I'm new to posting, but I've been lurking in the forums for years. I've wanted to make a propane fueled tennis ball cannon for years now. I've owned a spray n pray ( 3 x 18 chamber 1.5 x 60 barrel) for nearly 10 years.
I've looked at burnt latke, forums here, pretty much everything explaining how to do it while getting construction ideas.
I've taken a liking to the over under styles mainly this one:
I however wanted a metered system much like:
Here was my idea:
4 x 24 clear chamber
2 1/2 x 48-72 barrel
I expected the C:B ratio to be around 1.2-1.5:1
My concerns lie with mainly aesthetic points. After the chamber, I wanted to have a 4 x 2 reducer that connects to a 2" u-bend. Then 2 x 2.5 reducer and then the 2.5 barrel.
Would anyone recommend a 3" u-bend, so that I would be able to breech load the tennis balls. I hear that they are slightly difficult to ram down the barrels. I ask this for the easy load option, but also because I haven't seen many examples of a 3" u-bend .
Also I would be painting the whole thing in the end anyway. (Thinking gloss electric green) aesthetically
Any other comments welcomed
p.s. - Finding 2.5" pvc besides grey conduit is becoming quite the pain (Not even including 2.5" fittings)
U bend.. You bend.. OK cheap joke, but seriously, done properly, it is very possible to bend PVC by heating it until it behaves like a rubber garden hose and letting it cool into the new shape. Here is an example. This is a test bend of 3/4 inch pvc to make Christmas decorations.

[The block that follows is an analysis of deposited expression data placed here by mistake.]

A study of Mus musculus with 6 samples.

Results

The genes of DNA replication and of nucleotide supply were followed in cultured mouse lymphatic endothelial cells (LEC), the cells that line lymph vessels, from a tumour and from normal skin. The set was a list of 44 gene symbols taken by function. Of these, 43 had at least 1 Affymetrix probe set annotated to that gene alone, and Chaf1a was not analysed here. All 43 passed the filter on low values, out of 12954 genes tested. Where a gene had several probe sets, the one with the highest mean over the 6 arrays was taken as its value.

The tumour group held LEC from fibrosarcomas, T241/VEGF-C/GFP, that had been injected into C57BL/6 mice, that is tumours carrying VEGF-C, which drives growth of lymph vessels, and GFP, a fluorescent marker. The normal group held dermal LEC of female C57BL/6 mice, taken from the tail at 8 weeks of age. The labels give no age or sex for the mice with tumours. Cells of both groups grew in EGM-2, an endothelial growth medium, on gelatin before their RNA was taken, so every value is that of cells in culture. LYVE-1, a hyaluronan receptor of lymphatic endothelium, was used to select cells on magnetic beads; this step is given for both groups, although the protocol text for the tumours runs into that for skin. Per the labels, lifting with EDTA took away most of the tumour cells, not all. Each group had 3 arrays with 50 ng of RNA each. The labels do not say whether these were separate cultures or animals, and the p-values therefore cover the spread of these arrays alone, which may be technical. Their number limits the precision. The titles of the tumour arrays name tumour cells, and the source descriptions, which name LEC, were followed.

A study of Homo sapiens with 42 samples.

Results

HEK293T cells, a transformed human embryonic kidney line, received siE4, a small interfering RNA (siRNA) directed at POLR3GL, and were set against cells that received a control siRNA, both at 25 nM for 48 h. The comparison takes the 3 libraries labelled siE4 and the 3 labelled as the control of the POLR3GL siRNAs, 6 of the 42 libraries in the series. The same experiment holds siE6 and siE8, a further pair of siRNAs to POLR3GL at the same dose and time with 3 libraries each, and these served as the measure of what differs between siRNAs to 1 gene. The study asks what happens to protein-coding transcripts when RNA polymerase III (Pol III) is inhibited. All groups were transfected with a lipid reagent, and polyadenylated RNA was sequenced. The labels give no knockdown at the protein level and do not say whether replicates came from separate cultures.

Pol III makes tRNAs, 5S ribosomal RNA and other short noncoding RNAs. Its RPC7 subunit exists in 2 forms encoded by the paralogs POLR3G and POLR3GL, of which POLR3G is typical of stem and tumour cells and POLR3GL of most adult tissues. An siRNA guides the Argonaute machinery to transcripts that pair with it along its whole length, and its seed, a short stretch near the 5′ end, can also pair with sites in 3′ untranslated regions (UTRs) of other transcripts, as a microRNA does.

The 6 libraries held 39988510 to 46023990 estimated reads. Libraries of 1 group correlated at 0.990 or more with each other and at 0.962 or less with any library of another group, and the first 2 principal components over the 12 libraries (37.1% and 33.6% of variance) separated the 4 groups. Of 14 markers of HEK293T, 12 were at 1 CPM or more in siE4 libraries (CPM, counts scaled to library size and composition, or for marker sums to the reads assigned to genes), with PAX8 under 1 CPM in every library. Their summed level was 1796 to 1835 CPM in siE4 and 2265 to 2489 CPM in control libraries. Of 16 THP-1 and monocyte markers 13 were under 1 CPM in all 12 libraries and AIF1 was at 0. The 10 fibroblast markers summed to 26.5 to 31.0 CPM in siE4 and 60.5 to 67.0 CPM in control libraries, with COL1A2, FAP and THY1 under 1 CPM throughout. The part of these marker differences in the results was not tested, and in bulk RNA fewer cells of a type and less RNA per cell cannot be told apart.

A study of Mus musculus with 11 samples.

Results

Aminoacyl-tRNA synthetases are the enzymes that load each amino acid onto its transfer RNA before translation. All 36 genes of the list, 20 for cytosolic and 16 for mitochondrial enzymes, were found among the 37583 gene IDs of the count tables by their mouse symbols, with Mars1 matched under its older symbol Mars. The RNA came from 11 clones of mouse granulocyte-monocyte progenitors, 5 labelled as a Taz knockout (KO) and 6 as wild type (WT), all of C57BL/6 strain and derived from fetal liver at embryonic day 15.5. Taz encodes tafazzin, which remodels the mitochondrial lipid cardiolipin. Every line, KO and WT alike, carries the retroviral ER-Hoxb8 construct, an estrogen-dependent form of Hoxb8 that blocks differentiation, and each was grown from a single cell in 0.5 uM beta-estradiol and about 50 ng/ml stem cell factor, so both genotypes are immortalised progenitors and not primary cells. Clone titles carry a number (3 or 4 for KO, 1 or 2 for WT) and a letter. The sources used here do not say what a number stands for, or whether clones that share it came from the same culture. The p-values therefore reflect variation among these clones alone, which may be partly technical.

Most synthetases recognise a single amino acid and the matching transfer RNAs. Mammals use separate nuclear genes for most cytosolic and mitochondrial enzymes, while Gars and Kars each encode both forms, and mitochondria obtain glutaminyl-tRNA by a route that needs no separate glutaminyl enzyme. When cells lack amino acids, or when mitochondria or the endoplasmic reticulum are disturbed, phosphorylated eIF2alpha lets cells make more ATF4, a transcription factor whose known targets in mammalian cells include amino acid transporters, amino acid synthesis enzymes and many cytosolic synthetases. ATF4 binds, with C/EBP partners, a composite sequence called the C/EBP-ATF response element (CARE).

To keep the bend from going flat, either fill it with sand or an inflated section of surgical tubing. Without pressure of some kind, it tends to kink when bent sharply. Only moderate pressure is required. Higher pressure may distort the PVC.
This bend was done by heating the area over a propane torch. Distance was kept far to prevent burning it. Use constant fairly rapid motion to heat it all the way around and prevent overheating any spot.
Do not heat the end where you will glue it to a fitting. You don't want any distortion at the joint to weaken the glue joint.
Other things can be done with heating PVC. Here is an example of crowning a barrel to make it easier to stuff in t shirts.
This barrel will be used to launch t shirts at a concert on August 8.
Uhh... you cannot bend or find u-bends to make a gun as compact as the Blue Flame.
Note how close the two street 90's bring the chamber and barrel together.
What is it with people not using barrel supports? Won't the recoil crack the pipe eventually?
Yep. The photos of the "BlueFlame" suggest a pretty unsafe design.
An "over-n-under" should always have adequate barrel supports.
Yes, not supporting the barrel will create a lot of stress at the elbows.
I do plan on having supports similar to Starman's cannons. With the size of my planned chamber and barrel I will definitely need it.
Pardon me for kicking up an old thread, but I just wanted to quickly address something about the Blue Flame support issue.
I decided against a support because of the way it's designed to be held. Since it's supported by one hand on the barrel and the other on the chamber grip, the recoil will never produce significant stress on the bend.
So far, I've had my Blue Flame 3 for 2 years now, and the threaded elbows show no signs of stressing. I've given it all kinds of abuse by carrying it just by the barrel or just by the chamber, but still no problems. The Blue Flame 2 before it used solvent welded joints and also showed no stress. The Blue Flame 1... Well, the chamber cracked before anything else could happen to it.
I'd say barrel supports are not needed for small/medium cannons designed to be held by the barrel and chamber with a reasonable projectile weight. The bonus of this is fast barrel-swapping and breech cutting for any size barrel. And that's a bigger bonus than many may assume.